The chairwoman of the Assembly Budget Committee attempted to answer that question at NJBIA’s Government Affairs Policy Committee meeting this morning.
Assemblywoman Eliana Pintor Marin said this year’s budget takes into consideration what may happen to New Jersey’s finances if the pandemic continues into the next calendar year. While the millionaires tax may need to be revisited in the future, it was necessary now to ensure the state has resources to combat the pandemic until it is over.
“We’re all very concerned what the winter months will bring, starting in November and going through the holiday season,” she said. A surge in coronavirus cases could trigger a reversal of the reopening policies that have been adopted through the beginning of September or even another stay-at-home order, which would impact revenues for the FY 2022 budget in July.
Gov. Phil Murphy, Senate President Steve Sweeney and Assembly Speaker Craig Coughlin last week agreed to increase the state’s gross income tax rate on income between $1 million and $5 million from 8.97% to 10.75%. The funding will be used to pay for a new benefit program: a tax rebate of up to $500 for married couples with at least one dependent child and less than $150,000 annual income. Single taxpayers with one dependent child would qualify for a rebate if annual income doesn’t exceed $75,000.
Pintor Marin noted a number of the governor’s other tax proposals would likely not be included in the final budget document, including his proposed 5% tax on certain Qualified Business Income for small businesses.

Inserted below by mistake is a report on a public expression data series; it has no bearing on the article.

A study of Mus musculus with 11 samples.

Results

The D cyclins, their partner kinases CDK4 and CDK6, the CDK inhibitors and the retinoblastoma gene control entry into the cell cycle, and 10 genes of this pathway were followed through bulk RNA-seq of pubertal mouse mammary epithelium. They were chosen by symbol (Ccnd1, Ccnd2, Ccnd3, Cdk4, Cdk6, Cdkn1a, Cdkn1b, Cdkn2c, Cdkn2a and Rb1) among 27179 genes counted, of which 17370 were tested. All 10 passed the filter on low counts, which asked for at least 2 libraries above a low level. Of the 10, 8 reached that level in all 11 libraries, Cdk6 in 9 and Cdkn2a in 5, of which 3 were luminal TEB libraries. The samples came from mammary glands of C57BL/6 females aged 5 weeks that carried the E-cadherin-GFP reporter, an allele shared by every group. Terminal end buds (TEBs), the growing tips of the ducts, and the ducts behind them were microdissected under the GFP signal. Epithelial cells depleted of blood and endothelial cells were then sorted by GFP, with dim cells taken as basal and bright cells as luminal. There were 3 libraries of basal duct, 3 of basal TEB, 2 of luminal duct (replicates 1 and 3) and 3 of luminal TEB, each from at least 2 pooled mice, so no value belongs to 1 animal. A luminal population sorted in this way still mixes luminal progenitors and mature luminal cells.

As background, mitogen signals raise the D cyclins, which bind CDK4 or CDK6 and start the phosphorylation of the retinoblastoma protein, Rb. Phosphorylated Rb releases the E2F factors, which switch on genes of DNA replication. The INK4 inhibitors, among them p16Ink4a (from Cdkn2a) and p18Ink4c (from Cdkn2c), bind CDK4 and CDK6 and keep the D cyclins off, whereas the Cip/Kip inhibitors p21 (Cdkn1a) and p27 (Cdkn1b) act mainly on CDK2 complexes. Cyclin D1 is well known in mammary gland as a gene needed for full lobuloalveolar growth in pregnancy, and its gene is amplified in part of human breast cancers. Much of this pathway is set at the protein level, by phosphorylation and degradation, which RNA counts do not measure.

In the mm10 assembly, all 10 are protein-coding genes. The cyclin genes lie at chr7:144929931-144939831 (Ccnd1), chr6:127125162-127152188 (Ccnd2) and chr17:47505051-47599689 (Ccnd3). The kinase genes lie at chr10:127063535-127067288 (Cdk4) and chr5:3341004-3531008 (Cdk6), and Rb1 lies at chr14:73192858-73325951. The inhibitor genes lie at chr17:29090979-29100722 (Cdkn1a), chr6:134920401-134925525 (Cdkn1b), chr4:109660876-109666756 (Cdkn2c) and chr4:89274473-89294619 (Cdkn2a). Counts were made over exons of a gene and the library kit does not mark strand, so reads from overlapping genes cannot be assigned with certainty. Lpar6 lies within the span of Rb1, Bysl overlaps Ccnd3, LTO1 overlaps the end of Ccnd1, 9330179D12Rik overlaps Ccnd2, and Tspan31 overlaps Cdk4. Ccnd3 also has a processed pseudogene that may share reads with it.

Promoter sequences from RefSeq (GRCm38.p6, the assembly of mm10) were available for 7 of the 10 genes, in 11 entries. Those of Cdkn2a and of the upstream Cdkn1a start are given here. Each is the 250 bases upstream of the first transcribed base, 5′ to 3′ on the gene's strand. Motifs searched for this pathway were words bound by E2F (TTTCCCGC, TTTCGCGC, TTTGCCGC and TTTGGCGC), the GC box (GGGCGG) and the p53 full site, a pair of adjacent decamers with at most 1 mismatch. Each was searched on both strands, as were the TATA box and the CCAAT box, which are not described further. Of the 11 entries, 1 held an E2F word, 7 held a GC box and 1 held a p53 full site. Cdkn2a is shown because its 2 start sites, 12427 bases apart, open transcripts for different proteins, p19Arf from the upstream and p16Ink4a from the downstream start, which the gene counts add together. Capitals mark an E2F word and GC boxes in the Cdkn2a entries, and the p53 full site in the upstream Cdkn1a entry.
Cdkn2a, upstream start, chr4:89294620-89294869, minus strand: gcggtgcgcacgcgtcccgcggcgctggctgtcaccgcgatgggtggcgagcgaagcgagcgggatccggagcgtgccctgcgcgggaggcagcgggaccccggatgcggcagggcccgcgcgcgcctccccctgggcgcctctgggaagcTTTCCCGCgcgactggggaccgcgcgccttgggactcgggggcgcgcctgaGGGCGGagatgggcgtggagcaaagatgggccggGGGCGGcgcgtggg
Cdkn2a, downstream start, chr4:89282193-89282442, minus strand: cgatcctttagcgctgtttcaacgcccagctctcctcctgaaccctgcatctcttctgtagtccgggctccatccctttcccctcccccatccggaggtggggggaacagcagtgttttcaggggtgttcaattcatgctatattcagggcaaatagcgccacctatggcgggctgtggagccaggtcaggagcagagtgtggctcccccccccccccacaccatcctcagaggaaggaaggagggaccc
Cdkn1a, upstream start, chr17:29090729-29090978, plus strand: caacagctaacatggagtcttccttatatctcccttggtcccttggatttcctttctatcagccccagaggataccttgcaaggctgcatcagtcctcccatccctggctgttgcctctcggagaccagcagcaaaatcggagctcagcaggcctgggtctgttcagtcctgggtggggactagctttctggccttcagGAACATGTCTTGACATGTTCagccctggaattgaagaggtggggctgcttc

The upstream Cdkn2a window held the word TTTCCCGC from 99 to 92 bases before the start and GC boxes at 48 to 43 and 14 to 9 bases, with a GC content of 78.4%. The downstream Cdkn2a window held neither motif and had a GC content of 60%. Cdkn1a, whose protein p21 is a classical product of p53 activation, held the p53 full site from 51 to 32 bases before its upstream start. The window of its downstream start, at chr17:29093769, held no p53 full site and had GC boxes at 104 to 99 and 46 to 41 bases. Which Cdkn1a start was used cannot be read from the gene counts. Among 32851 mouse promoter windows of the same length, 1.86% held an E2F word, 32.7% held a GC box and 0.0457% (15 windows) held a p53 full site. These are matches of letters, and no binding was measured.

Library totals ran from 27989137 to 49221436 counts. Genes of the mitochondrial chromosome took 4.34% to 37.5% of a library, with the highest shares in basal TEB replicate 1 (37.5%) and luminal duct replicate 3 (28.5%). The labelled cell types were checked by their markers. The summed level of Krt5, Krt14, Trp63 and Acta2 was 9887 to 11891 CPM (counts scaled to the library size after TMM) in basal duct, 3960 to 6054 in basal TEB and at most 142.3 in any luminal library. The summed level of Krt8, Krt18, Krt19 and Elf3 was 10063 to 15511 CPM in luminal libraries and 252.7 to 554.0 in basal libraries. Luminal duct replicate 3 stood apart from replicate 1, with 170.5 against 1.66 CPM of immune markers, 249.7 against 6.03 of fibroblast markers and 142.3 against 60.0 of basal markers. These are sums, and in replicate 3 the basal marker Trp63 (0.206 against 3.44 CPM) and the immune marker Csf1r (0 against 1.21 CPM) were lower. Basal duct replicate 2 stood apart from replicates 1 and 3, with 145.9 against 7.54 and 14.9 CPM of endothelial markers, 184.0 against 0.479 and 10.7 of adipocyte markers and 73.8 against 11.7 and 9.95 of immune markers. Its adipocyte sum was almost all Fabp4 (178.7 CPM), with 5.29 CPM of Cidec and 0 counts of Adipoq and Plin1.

Revenues from the millionaires tax, along with increasing and extending the 2.5% surcharge on corporate taxes permanent, would help provide resources for hospitals and health facilities should they have to deal with a second wave of coronavirus infections as the weather cools.
The tax increases come on top of $4 billion in borrowing for operating expenses, which will add millions of dollars in mandatory debt service payments to future budgets, and an unnecessarily inflated budget surplus of more than $2 billion, a record high for the state.
NJBIA has argued that thousands of small businesses are fighting for their very survival and should not be hit with a new tax to their income, especially when it will be used to pay for new programs.
Pinto Marin said the speaker wanted to make middle-class citizens get something if the state increased the income tax.
The proposed state budget and the related tax increases are expected to be taken up by the budget committee tomorrow, Pintor Marin said, and could receive votes in the full Assembly on Thursday. The budget needs to be in place by Oct. 1, when the state’s new fiscal year officially begins.